Yesterday I talked about a bug which prevented me to complete the authorization grant flow with Azure AD. It turn out the bug is only exposed when using Azure Management Portal for Relying party registration. In this post, I’ll use Graph Explorer to do the registration which works fine.
My scenario is to create a simple MVC application which would do the user authentication against the Azure AD.
Once the user is signed in, the web app then acquires an “access” & “refresh token” for the Graph API (I’ll work with other resources in future) using the 3-leg authorization grant flow.
I started by creating an empty MVC 4.0 application and added a home controller with a simple view displaying the identity & claims of the authenticated user.
Running the app gave me the url which I would use to register my app with Azure AD using Graph Explorer. Registration instruction are available in this blog post under the ‘Setting up permissions’ section. My registration settings looks like this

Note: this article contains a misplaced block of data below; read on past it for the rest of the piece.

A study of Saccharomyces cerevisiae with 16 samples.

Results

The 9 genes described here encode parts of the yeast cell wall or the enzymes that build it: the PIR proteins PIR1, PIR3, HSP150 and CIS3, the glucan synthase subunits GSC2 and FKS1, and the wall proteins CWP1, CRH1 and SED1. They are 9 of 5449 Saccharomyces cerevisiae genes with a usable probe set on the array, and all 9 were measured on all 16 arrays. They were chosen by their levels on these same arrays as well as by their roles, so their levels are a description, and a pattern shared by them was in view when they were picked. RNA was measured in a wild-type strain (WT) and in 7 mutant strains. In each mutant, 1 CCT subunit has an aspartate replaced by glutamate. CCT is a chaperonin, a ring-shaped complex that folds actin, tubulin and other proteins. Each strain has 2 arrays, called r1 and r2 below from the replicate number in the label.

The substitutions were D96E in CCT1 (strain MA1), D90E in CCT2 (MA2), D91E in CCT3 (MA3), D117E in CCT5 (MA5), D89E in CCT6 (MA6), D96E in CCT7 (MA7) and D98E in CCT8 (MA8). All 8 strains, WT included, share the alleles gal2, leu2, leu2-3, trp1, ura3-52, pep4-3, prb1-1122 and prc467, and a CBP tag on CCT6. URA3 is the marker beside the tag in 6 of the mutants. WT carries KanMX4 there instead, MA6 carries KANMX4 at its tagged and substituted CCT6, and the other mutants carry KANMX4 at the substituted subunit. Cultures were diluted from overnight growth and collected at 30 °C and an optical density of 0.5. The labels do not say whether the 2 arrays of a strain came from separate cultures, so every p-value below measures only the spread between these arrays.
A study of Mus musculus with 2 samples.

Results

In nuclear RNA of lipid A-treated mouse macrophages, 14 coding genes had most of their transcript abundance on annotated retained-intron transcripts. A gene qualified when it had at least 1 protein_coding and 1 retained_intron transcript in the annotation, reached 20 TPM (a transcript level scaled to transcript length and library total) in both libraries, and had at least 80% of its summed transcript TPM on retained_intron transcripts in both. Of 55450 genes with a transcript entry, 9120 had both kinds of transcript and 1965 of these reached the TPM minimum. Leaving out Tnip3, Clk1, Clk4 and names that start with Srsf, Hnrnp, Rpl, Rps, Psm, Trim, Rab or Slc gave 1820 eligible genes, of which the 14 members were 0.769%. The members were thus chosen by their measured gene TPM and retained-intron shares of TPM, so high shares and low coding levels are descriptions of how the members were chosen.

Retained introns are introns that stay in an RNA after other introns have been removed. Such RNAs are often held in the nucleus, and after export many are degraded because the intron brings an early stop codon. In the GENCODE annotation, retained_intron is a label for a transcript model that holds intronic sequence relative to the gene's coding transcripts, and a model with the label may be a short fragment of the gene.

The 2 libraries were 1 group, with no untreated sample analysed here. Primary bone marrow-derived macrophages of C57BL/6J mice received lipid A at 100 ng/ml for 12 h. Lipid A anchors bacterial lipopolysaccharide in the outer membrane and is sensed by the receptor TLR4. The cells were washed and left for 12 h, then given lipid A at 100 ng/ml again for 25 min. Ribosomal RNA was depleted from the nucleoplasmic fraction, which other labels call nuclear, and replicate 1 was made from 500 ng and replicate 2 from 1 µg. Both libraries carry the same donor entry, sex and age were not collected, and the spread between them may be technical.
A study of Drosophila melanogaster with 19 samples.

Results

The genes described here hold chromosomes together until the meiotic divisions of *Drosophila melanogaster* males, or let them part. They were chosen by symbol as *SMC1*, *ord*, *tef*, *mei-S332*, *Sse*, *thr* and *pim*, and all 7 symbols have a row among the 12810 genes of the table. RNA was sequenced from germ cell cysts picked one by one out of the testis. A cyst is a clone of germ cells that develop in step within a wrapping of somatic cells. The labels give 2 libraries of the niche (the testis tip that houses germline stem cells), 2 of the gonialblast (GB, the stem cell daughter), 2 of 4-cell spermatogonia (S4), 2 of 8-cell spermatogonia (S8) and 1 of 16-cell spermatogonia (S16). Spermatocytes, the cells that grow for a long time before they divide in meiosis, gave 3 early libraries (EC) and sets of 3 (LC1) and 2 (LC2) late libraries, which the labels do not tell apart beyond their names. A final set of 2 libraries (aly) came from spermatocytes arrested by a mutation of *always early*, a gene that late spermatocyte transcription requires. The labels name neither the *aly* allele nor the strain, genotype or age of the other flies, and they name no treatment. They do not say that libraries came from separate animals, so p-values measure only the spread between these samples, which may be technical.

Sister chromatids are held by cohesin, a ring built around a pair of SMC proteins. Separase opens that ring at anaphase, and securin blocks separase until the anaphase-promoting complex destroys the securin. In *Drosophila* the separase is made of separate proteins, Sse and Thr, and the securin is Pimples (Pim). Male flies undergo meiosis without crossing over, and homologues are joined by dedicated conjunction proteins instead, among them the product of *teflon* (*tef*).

Now back to VS and using the “Identity & Access”, I have externalized the authentication of my app to windows azure AD.
The tooling does all the magic and generates required WIF configuration.
Now when I run my application, I’m redirected to azure AD for authentication and after signing in, I’m back in my app with following claims.
The Authorize action simply redirects to the authorization endpoint requesting an ‘authorization code’.
I’m passing Authorized action as the redirect_uri to Azure AD. That’s where AD would send me the ‘authorization code'.
Clicking the ‘Authorize’ link takes me to Azure Ad & after authentication AD redirects my browser back to Authorized action with an authorization code.
From the Authorized controller action I fire a post request which gives me access and refresh tokens back. Please note, the redirect_uri MUST be same for both authorization code and token request.
The access & refresh tokens are scoped to Graph API in this case. I can now attach this “access token” to my requests to graph API to read/write the directory data. There are few samples on this topic already so I’m not going to cover that in this post.